My Rocky Mount Life: Part Four

While my hometown of Rocky Mount has its problems, I’m choosing to look for what’s good about life in this eastern North Carolina city. Here in Part Four of My Rocky Mount Life, I list another five reasons why I enjoy living in the city limits.

#1. The Rocky Mount Walking Trail

I can’t claim to have traveled all 7.1 miles of this trail system that links several of the city’s parks, but I do like to walk the stretch that connects Battle Park and Sunset Park. Crossing over Falls Road on this part of the trail, I can see the sprawling brick structure of the renovated Rocky Mount Mills, former home of the second cotton mill in the state, dating back to 1816.

I enjoy the pretty views of the Tar River along the way. (Some people call the Rocky Mount Walking Trail the Tar River Trail). Plenty of shade is a bonus, too, especially in summer.

#2. Books and Beans Coffee House

At the end of the Rocky Mount Mills campus near the Tar River is the coffee and sandwich shop Books and Beans. Owned by my former Nash Community College colleague Etaf Rum along with her husband Brandon Clarke, this is a delightful place to get a signature sandwich, or, if you’re into it, a specialty coffee.

Etaf and her husband also own the popular Rocky Mount restaurants Barley and Burger and Tipsy Tomato. And, get this, Etaf is famous! She’s the author of the New York Times best-selling novel A Woman Is No Man. Her literary background shows in the names of the sandwiches on the Books and Beans menu: The Bell Jar, the Hemingway, The Great Gatsby, The Catcher in the Rye. Delicious sandwiches with novel-ty titles!

#3. Gardner’s Barbecue Restaurant

If you like eastern North Carolina cuisine–and I do, I do, I do–there’s nothing like a Sunday dinner, dine in or to go, from Gardner’s. Here in Rocky Mount that Sunday “dinner” is eaten after church around noon, a meal people in other parts of the country call lunch.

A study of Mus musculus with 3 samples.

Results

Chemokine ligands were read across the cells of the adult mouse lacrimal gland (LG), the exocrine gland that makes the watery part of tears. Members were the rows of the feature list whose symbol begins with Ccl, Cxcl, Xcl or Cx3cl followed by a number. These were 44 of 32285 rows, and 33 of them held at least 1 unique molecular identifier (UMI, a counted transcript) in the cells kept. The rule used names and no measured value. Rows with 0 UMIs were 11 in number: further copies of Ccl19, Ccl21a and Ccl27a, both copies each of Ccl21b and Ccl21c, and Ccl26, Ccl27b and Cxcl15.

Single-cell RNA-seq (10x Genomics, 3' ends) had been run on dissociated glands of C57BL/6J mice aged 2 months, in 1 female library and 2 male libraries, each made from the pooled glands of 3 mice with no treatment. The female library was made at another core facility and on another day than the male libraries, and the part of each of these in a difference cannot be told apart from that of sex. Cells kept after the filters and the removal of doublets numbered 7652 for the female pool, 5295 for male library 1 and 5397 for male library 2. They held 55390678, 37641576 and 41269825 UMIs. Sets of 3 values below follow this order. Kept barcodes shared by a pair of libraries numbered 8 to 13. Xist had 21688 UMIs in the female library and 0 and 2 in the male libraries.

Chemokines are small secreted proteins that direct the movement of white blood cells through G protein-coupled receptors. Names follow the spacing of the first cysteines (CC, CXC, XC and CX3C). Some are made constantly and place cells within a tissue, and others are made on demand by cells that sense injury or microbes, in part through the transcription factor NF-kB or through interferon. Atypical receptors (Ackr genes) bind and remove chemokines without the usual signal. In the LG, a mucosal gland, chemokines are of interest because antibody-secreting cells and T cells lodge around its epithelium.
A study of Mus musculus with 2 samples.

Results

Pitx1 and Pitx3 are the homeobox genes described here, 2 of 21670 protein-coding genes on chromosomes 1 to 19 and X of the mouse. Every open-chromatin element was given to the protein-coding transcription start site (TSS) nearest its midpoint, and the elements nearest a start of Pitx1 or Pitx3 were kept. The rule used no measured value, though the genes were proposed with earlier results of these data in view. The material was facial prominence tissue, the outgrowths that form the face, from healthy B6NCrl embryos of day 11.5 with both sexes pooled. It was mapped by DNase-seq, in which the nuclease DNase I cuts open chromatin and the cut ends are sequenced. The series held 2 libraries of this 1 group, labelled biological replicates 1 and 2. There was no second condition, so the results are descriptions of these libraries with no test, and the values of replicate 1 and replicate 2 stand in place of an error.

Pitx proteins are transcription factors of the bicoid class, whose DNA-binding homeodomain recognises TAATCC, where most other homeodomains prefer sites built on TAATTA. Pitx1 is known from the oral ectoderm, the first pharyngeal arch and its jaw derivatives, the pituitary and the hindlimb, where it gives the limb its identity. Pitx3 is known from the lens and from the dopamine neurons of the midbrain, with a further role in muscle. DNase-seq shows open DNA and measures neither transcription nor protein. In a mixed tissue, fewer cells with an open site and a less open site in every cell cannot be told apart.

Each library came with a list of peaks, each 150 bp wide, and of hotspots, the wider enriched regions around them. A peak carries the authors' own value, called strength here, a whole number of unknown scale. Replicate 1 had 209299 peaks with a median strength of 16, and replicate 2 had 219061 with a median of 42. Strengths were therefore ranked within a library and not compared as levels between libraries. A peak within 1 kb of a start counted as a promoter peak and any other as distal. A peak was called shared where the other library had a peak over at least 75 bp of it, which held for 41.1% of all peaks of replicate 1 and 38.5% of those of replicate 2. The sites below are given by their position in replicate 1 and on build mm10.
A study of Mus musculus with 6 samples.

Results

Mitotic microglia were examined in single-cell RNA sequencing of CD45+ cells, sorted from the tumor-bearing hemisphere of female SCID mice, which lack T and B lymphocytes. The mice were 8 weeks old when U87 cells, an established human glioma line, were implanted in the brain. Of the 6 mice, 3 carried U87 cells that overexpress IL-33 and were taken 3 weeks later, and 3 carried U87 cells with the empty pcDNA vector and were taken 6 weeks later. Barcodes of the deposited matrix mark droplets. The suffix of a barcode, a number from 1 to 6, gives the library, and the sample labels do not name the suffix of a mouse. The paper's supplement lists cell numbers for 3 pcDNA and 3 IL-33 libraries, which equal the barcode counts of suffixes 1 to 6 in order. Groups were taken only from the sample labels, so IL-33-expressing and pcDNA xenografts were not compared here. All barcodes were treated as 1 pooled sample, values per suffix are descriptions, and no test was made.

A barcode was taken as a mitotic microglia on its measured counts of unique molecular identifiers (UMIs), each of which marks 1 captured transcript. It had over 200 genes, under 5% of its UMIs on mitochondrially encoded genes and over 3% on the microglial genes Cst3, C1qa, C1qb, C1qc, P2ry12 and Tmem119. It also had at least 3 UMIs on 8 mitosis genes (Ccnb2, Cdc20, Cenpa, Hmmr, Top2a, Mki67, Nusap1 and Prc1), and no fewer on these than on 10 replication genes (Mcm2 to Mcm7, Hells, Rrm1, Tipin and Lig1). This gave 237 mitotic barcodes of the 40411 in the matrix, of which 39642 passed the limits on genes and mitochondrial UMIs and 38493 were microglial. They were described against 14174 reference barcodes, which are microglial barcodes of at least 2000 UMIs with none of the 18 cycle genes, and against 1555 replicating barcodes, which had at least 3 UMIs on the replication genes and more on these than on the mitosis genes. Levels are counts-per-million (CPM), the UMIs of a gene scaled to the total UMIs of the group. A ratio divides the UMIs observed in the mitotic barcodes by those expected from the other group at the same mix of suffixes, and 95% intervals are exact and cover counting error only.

At Gardner’s, there’s eastern-style, vinegar-based, chopped pork barbecue. (I could get started on the barbecue wars here, Eastern style versus Lexington… but I won’t.) Gardner’s also features fried chicken, collards, Brunswick stew, and chicken pastry, to name my favorites. Loving both, I get half a dozen corn sticks and half a dozen hushpuppies with my to go orders.

I usually patronize the location closest to my home, the Gardner’s at Westridge Shopping Center, but I’ve noticed the super-duper buffet is at the Highway 301 location. Did I mention the banana pudding?

#4. Lilly & Lane Boutique

Tucked in close to Harris Teeter at Westridge Shopping Center is the cute ladies’ clothing store Lilly & Lane Boutique. I duck in here when I need birthday or Christmas gifts for my young adult daughters. There’s an array of trendy tops, pants, dresses, and accessories to choose from, all reasonably priced. And the sweet girls there do the prettiest complimentary gift wrapping.

Sometimes I even find something for myself to perk up my old lady style.

#5. The Imperial Centre

I could write an entire blog about the Rocky Mount Imperial Centre located downtown on Gay Street: in fact, I intend to say more in my next post about the various features of this premier cultural facility. Today, let’s simply focus on the building that houses the Arts Center, the Children’s Museum, and a community performing theater.

The imposing brick structure now called the Imperial Centre was once a Rocky Mount branch of the Imperial Tobacco Company of Great Britain and Ireland. I’m proud of how this former tobacco complex, built in 1903, was successfully repurposed after Hurricane Floyd destroyed the old Children’s Museum and the Tank Theater in 1999. It’s an example of how the Rocky Mount City Council can act in a positive manner for the good of all.

From downtown to Westridge Shopping Center, there’s a lot to like about my hometown. I’ll be back with more.


  1. The walking trail looks very inviting indeed, and a great asset for the city. The repurposing of the old tobacco building is an excellent way of preserving history while fulfilling a need. I enjoyed reading your post.


  2. patsypridgen says:

    Thanks for taking the time to comment. I enjoy your posts, too.